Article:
After the successful conclusion of talks with the US Food and Drug Administration, Vivus has resubmitted its previously-rejected obesity treatment Qnexa for approval.

The decision follows an agreement reached last month with officials of the agency's Endocrine and Metabolic Division on the filing strategy for Qnexa (phentermine/topiramate). The FDA issued a complete response letter for the drug last October, citing concerns about potential side effects such as depression, memory loss, increased heart rate and birth defects.

Then in December, Vivus submitted a briefing document to the agency addressing the various concerns it had with the New Drug Application and last month, the firm noted its intention to refile. The latest submission includes a contraindication "for women of childbearing potential" and a risk evaluation and mitigation strategy.

The filing comes prior to completion of the FORTRESS study looking at topiramate's and Qnexa’s teratogenic potential, top-line results from which are expected in December. The resubmission will also allow for an early 2012 advisory committee meeting and a second-quarter 2012 prescription drug user fee act (PDUFA) action date. If the FORTRESS study is favourable, that may enable Vivus to expand the indication to include obese women of child-bearing age.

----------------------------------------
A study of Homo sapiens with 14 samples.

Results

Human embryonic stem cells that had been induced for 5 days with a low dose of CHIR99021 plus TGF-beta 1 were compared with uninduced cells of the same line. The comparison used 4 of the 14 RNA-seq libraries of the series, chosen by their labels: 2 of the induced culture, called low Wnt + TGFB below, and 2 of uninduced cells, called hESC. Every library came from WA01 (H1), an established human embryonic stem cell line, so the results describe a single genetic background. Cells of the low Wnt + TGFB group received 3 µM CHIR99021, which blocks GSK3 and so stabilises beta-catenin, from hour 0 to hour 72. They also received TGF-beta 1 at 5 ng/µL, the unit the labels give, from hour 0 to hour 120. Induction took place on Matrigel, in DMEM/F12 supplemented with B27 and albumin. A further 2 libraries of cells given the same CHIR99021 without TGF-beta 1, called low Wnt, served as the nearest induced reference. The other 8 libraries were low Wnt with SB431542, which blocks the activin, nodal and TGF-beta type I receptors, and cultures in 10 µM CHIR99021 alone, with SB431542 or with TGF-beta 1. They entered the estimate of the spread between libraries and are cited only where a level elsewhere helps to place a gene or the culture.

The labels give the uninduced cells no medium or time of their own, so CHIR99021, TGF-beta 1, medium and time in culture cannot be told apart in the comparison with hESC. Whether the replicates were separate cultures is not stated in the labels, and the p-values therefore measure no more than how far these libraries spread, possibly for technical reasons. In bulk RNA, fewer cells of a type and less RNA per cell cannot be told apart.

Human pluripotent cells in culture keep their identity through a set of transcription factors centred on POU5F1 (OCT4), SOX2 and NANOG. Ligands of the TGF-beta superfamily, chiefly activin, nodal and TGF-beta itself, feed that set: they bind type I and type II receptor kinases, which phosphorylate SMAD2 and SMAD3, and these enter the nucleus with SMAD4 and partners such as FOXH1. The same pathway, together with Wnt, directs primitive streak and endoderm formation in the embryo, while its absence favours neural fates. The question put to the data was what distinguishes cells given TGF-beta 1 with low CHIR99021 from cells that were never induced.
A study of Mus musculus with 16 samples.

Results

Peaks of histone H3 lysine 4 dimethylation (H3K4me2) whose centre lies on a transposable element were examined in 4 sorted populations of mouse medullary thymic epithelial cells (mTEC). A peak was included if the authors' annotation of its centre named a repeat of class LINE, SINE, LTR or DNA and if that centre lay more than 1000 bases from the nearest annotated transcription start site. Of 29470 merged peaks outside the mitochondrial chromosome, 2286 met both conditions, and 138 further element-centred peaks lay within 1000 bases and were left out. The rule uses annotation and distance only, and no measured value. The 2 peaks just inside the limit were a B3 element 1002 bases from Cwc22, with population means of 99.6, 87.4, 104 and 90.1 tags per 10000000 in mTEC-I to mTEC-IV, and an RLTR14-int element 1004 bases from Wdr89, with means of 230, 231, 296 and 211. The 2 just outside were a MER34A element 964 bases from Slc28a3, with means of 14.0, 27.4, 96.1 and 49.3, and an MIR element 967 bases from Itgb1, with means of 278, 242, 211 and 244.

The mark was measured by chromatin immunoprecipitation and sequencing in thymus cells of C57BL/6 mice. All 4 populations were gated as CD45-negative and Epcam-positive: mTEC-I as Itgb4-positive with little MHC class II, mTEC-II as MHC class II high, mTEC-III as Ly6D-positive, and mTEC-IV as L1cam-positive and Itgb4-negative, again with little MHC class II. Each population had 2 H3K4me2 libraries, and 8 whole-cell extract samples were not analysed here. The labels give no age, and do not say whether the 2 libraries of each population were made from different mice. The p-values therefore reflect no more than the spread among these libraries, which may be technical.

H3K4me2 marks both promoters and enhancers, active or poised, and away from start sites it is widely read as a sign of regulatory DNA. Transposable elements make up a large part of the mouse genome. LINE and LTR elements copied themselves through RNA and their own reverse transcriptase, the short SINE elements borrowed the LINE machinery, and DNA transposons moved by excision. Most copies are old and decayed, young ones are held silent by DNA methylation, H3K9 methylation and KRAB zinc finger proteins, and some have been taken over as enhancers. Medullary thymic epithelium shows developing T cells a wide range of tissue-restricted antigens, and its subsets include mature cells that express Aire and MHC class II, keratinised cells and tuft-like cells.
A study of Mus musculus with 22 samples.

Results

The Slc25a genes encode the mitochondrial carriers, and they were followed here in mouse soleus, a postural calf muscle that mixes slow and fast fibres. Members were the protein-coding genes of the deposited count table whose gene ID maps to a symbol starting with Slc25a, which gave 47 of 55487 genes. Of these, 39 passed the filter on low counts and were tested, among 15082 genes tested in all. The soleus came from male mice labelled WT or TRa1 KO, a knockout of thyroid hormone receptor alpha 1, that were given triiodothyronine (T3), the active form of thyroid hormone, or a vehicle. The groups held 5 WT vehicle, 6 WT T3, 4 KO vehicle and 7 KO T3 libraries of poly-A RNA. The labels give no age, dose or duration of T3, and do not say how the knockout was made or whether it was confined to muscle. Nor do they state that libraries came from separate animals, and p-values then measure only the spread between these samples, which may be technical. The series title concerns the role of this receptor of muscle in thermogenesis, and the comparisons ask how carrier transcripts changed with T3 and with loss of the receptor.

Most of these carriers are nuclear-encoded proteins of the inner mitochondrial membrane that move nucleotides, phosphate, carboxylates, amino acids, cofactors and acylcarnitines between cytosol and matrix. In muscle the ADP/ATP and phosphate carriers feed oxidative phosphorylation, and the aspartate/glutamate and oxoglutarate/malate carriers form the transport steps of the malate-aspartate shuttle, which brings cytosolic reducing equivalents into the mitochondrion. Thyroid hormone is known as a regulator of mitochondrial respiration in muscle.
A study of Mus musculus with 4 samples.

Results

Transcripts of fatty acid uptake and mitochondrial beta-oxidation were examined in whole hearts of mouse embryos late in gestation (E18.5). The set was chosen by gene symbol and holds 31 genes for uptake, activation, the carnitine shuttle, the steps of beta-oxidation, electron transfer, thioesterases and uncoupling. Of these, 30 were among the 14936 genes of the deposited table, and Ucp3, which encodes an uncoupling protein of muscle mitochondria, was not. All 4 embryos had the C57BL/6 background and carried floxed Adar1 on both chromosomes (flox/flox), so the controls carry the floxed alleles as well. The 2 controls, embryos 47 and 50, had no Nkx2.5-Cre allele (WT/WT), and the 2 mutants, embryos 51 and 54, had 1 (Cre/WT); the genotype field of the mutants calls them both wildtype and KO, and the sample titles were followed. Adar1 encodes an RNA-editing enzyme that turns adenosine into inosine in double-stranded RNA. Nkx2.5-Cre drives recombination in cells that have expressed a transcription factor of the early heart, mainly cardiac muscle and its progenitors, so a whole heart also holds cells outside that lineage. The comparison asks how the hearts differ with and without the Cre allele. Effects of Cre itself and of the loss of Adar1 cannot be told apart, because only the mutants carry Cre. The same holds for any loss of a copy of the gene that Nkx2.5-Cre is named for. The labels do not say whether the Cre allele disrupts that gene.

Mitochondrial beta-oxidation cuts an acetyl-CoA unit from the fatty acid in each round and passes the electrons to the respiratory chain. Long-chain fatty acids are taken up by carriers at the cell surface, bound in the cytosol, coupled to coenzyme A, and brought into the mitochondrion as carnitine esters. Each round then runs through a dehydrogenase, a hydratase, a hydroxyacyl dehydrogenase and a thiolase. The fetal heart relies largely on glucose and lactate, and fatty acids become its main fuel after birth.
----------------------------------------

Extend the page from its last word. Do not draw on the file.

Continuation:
Shares in Vivus rose on the possibility that the firm has moved ahead of rival obesity drugs that have also been rejected by the FDA and could be resubmitted fairly soon - Orexigen Therapeutics' Contrave (naltrexone/bupropion) and Arena Pharmaceuticals/Eisai's lorcaserin. No prescription weight-loss pill has made it onto the US market since the launch of Roche's Xenical (orlistat) in 1999.